By Mark Langlois
An OEM called Southern Spring & Stamping, Inc., with a manufacturing problem. The OEM had meant to order a part from a supplier in China months ago but waited too long. It was a tiny part, a quarter-inch by a half-inch, with a tolerance of ±0.002-inch. The tiny part was assembled into a device that makes an artificial tree smell like a pine. The part was missing, and Christmas approached.
The part itself was a challenge. It had dimples, and was stamped, extruded, and lanced. It had tight tolerances that were unforgiving, like a typical three bears problem. Too big? Too small? “They either wouldn’t assemble, or they’d fall apart,” said Richard Mulvihill, general manager of Southern Spring & Stamping, in a phone interview with Design-2-Part. “Just right” meant inside that 0.002-inch window.
The OEM’s problem was simple. Christmas was coming. Its own customers needed the parts. Could Southern Spring & Stamping create hard tooling and stamp the first part within 28 days? Could it print 4 million parts in the first week, and 24 million within 12 weeks? When the answer came back “Yes,” the OEM wanted to know if Southern Spring could make 32 million.
“In the last hour, we had it up and running,” Mulvihill said. “It meant going to three shifts, pretty much over-night. We delivered the tooling and everything within 12 weeks. We were so ahead of time on this, they increased the order to 32 million.”
In addition to progressive die and four-slide stamping, Southern Spring & Stamping also works in CNC machining, tool and die making, sheet metal fabrication, and all types of prototyping. It has since 1957.
In the course of perfecting the part used in the pine scent device, Southern Spring learned how to create dimples in a part. A dimple, Mulvihill explained, is a convex shape on one side and a concave shape on the other. This part had one side that was decorative, and the opposite side improved grip. In other parts, a dimple can help with heat exchange, disrupt air flow, increase the surface area, or contribute to a heat sink.
Mulvihill said the tricky jobs constantly teach employees new skills, and the tricks they use to stamp one part often help Southern Spring land the next job.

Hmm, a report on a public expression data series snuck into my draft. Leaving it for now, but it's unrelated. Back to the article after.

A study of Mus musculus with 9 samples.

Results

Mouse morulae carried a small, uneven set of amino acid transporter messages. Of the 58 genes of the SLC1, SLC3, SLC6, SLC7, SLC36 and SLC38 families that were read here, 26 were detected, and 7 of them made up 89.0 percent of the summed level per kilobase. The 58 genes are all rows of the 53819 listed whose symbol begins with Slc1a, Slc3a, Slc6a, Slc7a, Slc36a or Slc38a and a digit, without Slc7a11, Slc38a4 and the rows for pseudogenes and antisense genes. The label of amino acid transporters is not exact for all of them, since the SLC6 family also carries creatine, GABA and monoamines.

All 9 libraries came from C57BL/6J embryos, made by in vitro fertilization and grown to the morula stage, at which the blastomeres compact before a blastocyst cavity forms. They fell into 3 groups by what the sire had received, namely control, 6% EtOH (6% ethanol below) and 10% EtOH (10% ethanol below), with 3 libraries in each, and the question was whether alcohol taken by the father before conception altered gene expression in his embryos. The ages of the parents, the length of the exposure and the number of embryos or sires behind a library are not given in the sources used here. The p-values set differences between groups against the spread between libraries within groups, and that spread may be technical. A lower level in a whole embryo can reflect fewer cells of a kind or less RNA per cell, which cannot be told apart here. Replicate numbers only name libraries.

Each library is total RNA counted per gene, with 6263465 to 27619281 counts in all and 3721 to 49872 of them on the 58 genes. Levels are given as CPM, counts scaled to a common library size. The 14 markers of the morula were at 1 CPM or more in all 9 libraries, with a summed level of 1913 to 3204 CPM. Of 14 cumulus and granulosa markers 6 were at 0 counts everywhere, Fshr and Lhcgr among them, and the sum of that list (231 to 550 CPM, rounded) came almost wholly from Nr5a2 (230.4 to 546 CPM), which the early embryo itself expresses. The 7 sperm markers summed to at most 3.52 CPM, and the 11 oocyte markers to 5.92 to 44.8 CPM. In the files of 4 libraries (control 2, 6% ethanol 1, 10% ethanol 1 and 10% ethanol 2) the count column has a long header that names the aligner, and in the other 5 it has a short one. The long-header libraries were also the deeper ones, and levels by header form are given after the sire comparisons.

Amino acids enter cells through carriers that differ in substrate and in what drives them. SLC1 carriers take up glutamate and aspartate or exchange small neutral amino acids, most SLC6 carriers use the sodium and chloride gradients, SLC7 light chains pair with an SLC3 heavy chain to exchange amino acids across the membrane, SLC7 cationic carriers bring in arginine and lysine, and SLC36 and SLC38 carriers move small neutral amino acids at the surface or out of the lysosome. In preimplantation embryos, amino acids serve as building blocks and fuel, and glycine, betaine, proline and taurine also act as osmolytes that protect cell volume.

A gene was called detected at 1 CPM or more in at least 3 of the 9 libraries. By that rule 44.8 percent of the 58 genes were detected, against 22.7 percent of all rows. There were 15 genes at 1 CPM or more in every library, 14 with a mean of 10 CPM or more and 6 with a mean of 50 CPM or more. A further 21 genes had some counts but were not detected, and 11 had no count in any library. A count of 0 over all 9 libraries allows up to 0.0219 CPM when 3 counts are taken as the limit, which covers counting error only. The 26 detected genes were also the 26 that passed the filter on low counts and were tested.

In one example, workers learned that by using a soft material, they could push a part beyond what they had considered to be its breaking point. The part is four inches by six inches, with a ±0.002-inch tolerance, for use in a heat exchanger.
“We learned how to do that consistently, over and over,” Mulvihill said. “That started out as a hundred thousand pieces, but we’re onto millions on that. It’s a scheduled, active part.”
Another job, involving soft copper about 0.005-inch thick, taught Southern Spring that sometimes a soft material must be pulled and pushed at the same time through a die.
“It’s like butter, but it’s only a tiny bit thicker than paper. The trick there was how to move something with the consistency of butter. We push it. We pull it. To consistently do that was one of the challenges we learned on that project,” Mulvihill said. The tiny copper circle is used in a heat exchanger.
Southern Spring makes parts for aerospace, automotive, medical and dental, industrial, electronics, marine, military, consumer products, transportation, and many other industries. It operates plants in Venice, Florida and in Stokesdale, North Carolina. It is family-owned and operated with approximately 75 employees manufacturing parts in roughly 100,000-square-feet of space. Both locations of Southern Spring are ISO 9001-2015 certified through 2020.
Mulvihill explained that Southern Spring & Stamping has had a long-standing policy within its tool and die department that younger workers would learn from older workers to preserve and pass down the accumulated knowledge of the older tool makers. “The wisdom of our tool makers who learned 50 or 60 or 70 years ago was passed on to the toolmakers who started 20 or 30 years ago,” Mulvihill said.
“We keep up constantly with the new software and new machinery, like EDM,” Mulvihill said. “Our old tool makers know the old way of making things, but at the same time, we’re integrating technology into the process. A lot of old practices may be obsolete, but while new machines can make up for a lot of the shortcomings, they can’t make up for bad design. You still need to take some of those old concepts from the senior tool makers and apply them to the problem. There are still things that tool makers who were trained before wire EDM know, tips and tricks you can do with sandpaper or a file that a machine can’t do.”